LOS ANGELES—The Hammer Museum has announced that it will eliminate its admission fee and become entirely FREE to the public in 2014. Free admission will coincide with the opening of the Hammer’s 2014 exhibition season in early February. Hammer director Ann Philbin shared the exciting news at the Museum’s annual Gala in the Garden fundraiser on Saturday, October 5.
The Hammer is committed to eliminating admission fees permanently. Free admission for the first four years is made possible by two gifts received over the summer from longtime Hammer Museum benefactors Erika J. Glazer and Brenda R. Potter. Erika Glazer is an art collector who joined the Hammer’s Board of Directors in 2009. She has worked in the real estate business, construction, and as a private investor since 1976.
“It is rare that you have an opportunity to make a gift that simultaneously helps transform an institution and serves the public in a very broad and meaningful way,” remarked Glazer. “I’m very happy to be a part of this.”
Brenda Potter has been a Hammer supporter since 2003. An avid art collector, Potter is also a Fine Art Commissioner for the City of Beverly Hills.
“I’ve supported the Hammer for many years. The quality of their exhibitions and public programs is outstanding,” said Potter. “Helping to provide the community with access to all that the Hammer has to offer is very important to me.”
“We have been working towards free admission for years,” said Hammer Director Annie Philbin. “Our public programs have always been free and now with Brenda and Erika’s support we are finally able to provide open access to all of the Hammer’s offerings. It is part of our institutional ethos—we want to foster a generosity of spirit which emphasizes the essential importance of dialogue, culture, creativity in everyone’s lives—regardless of one’s ability to pay.”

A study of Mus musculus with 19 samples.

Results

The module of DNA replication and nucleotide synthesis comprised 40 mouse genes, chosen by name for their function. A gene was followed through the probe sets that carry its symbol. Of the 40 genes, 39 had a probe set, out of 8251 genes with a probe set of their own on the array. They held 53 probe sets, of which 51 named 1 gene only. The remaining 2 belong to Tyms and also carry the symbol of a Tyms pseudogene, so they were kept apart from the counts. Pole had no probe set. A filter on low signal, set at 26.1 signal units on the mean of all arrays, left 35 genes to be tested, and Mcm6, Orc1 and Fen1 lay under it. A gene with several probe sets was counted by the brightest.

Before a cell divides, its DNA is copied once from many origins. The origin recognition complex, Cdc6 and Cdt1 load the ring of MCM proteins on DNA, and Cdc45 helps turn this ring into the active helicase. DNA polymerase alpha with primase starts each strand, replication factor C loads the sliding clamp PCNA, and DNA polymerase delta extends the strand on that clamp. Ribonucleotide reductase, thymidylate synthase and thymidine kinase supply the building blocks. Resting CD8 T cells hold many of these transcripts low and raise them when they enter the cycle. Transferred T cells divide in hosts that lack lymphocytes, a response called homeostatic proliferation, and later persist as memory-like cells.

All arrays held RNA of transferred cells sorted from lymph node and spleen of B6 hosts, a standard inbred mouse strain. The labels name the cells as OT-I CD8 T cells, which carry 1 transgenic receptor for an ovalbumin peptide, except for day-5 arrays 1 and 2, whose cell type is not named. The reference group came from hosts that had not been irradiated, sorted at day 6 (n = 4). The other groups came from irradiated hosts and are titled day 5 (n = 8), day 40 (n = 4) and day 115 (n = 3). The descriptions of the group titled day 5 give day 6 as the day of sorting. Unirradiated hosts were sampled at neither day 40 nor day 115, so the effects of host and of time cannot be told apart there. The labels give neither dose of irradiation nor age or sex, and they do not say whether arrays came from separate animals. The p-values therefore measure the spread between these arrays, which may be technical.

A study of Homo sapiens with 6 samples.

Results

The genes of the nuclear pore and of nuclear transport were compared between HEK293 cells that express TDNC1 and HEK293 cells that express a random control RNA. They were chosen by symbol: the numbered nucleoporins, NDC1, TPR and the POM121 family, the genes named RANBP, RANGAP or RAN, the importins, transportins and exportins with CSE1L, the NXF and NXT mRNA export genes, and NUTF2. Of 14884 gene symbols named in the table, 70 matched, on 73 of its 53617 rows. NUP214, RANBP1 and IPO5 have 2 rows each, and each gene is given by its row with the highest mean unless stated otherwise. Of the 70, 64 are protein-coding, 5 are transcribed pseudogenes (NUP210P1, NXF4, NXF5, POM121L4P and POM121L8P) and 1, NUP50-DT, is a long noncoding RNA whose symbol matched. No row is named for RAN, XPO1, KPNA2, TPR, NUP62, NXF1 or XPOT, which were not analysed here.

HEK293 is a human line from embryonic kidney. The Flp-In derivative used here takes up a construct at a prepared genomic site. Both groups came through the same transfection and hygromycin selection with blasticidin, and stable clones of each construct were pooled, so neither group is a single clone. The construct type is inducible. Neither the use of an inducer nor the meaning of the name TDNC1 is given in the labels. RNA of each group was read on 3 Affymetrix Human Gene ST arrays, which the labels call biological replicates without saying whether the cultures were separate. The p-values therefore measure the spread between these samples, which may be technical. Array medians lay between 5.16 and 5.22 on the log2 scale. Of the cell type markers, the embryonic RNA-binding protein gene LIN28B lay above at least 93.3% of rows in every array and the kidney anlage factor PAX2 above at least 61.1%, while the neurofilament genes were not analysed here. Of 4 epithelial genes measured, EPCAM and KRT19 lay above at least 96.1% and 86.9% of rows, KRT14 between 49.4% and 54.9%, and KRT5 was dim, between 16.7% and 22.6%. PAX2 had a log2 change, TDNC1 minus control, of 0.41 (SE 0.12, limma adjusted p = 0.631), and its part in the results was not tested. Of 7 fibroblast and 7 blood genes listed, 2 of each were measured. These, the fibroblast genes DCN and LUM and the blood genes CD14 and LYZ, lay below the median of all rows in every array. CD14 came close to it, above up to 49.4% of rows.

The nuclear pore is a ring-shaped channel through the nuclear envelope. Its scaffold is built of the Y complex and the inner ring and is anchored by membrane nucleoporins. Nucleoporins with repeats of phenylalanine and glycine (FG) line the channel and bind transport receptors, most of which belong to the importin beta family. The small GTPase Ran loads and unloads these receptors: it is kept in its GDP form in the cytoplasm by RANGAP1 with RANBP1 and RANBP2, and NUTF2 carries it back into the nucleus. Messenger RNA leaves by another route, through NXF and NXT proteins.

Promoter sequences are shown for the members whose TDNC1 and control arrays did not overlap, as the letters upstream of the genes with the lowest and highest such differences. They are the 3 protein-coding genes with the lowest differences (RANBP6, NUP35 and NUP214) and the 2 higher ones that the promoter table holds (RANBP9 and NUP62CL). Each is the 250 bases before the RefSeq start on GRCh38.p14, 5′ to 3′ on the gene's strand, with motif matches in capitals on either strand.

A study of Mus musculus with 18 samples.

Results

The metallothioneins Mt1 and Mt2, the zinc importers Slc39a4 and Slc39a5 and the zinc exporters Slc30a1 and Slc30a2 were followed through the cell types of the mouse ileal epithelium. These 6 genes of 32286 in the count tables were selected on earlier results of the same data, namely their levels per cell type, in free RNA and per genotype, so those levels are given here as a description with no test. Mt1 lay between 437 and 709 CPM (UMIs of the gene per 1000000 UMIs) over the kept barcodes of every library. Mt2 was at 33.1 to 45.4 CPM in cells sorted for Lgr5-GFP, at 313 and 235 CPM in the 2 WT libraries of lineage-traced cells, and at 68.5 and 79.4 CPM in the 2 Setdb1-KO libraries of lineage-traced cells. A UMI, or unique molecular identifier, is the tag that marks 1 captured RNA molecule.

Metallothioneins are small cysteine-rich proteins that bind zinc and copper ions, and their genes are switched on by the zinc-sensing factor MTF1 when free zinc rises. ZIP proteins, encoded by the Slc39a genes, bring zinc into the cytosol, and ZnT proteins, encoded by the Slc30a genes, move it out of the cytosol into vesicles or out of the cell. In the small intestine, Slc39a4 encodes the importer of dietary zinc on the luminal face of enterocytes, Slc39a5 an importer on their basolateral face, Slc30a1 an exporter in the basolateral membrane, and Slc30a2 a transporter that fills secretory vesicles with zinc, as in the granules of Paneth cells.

The Hammer will also debut a new membership model beginning in January 2014, placing an emphasis on substantial engagement with the public while encouraging repeat visits to the Museum’s exhibitions and public programs. Details on the new membership model, which will feature the ability to earn membership to the Hammer through regular Museum participation, will be announced in January.
“We believe that museums can and should have a significant impact on civic life. They have the ability to cultivate understanding and open minds,” Philbin continued. “Together with our recent gifts from the Anthony and Jeanne Pritzker Foundation supporting family programming, and the UCLA Dream Fund supporting public programs, we can serve new and more communities in a truly robust way.”
The Hammer’s roster of more than 250 public programs each year—including readings, lectures, conversations between cultural figures, political forums, musical performances, and screenings—have been free for over a decade. The Museum’s shift to free admission builds on its current practice of offering free admission for several groups including students, children under 17, military personnel, and for all visitors every Thursday. In its role as a cultural center, the Hammer strives to be a vibrant intellectual forum for the exploration of art and ideas and believes offering free admission will play a crucial role in furthering this position.